Who puts out the most power, a top racing cyclist or a rock drummer? In this video, ‘Energy Battle’, energy company Eneco’s ‘Ministry of Sustainability’ aims to find out.
The video’s in Flemish, but it’s pretty obvious what’s going on. Lotto Belisol rider Jurgen Van den Broeck is pitched in a battle of power output against Stéphane Misseghers, drummer of rock band dEUS (the Belgian Elbow, according to Q magazine).
The Ministry of Sustainability series of ads for Eneco features three teenagers - Brecht, Kero and Ine - coming up with crazy plans for sustainable energy solutions. That’s them in the video, demonstrating that teenage TV presenters are annoying even across a language barrier. (And they can get off my lawn too.)
Katrien Denef, PR manager for Eneco Belgium said: "The idea of the "energy battle between cyclist and drummer" was created by our advertising agency Dallas. We thought this was a great idea because it's about cycling, a sustainable sport, which we care about a lot. We organize the race of the Low Countries, the Eneco Tour.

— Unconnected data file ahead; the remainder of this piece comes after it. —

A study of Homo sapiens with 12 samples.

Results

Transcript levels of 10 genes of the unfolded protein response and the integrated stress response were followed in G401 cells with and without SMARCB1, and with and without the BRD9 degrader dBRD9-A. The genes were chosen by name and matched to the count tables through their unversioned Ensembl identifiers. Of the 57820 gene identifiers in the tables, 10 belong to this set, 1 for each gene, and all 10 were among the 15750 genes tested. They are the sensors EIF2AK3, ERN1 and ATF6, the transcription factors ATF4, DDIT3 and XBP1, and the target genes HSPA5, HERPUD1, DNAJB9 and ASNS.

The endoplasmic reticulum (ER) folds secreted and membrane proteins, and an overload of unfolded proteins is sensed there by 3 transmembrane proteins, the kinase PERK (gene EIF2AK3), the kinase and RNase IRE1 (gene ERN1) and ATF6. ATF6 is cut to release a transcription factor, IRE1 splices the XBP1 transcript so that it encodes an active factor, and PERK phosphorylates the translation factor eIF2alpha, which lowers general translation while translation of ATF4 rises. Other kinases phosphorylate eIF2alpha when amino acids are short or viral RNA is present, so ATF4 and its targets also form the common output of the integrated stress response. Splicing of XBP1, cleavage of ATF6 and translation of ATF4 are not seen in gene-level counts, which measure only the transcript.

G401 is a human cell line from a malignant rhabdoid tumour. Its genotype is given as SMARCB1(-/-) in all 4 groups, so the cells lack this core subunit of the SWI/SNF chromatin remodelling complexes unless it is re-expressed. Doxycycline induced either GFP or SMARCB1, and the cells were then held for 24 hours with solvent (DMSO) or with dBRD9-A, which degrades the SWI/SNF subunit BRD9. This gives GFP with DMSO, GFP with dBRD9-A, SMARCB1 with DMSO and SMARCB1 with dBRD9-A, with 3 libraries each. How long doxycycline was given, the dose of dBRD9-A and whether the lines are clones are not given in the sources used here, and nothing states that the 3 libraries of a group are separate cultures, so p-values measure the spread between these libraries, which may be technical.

“We chose Jurgen Van den Broeck because he's thought to be the next yellow jersey of Belgium. He's a top rider who's also a nice person. We put him next to dEUS drummer Stéphane Misseghers to see who produces the most energy in thirty seconds.”
Who wins? You’ll have to watch the video.
Our official grumpy Northerner, John has been riding bikes for over 30 years since discovering as an uncoordinated teen that a sport could be fun if it didn't require you to catch a ball or get in the way of a hulking prop forward.
Road touring was followed by mountain biking and a career racing in the mud that was as brief as it was unsuccessful.
Somewhere along the line came the discovery that he could string a few words together, followed by the even more remarkable discovery that people were mug enough to pay for this rather than expecting him to do an honest day's work. He's pretty certain he's worked for even more bike publications than Mat Brett.
The inevitable 30-something MAMIL transition saw him shift to skinny tyres and these days he lives in Cambridge where the lack of hills is more than made up for by the headwinds.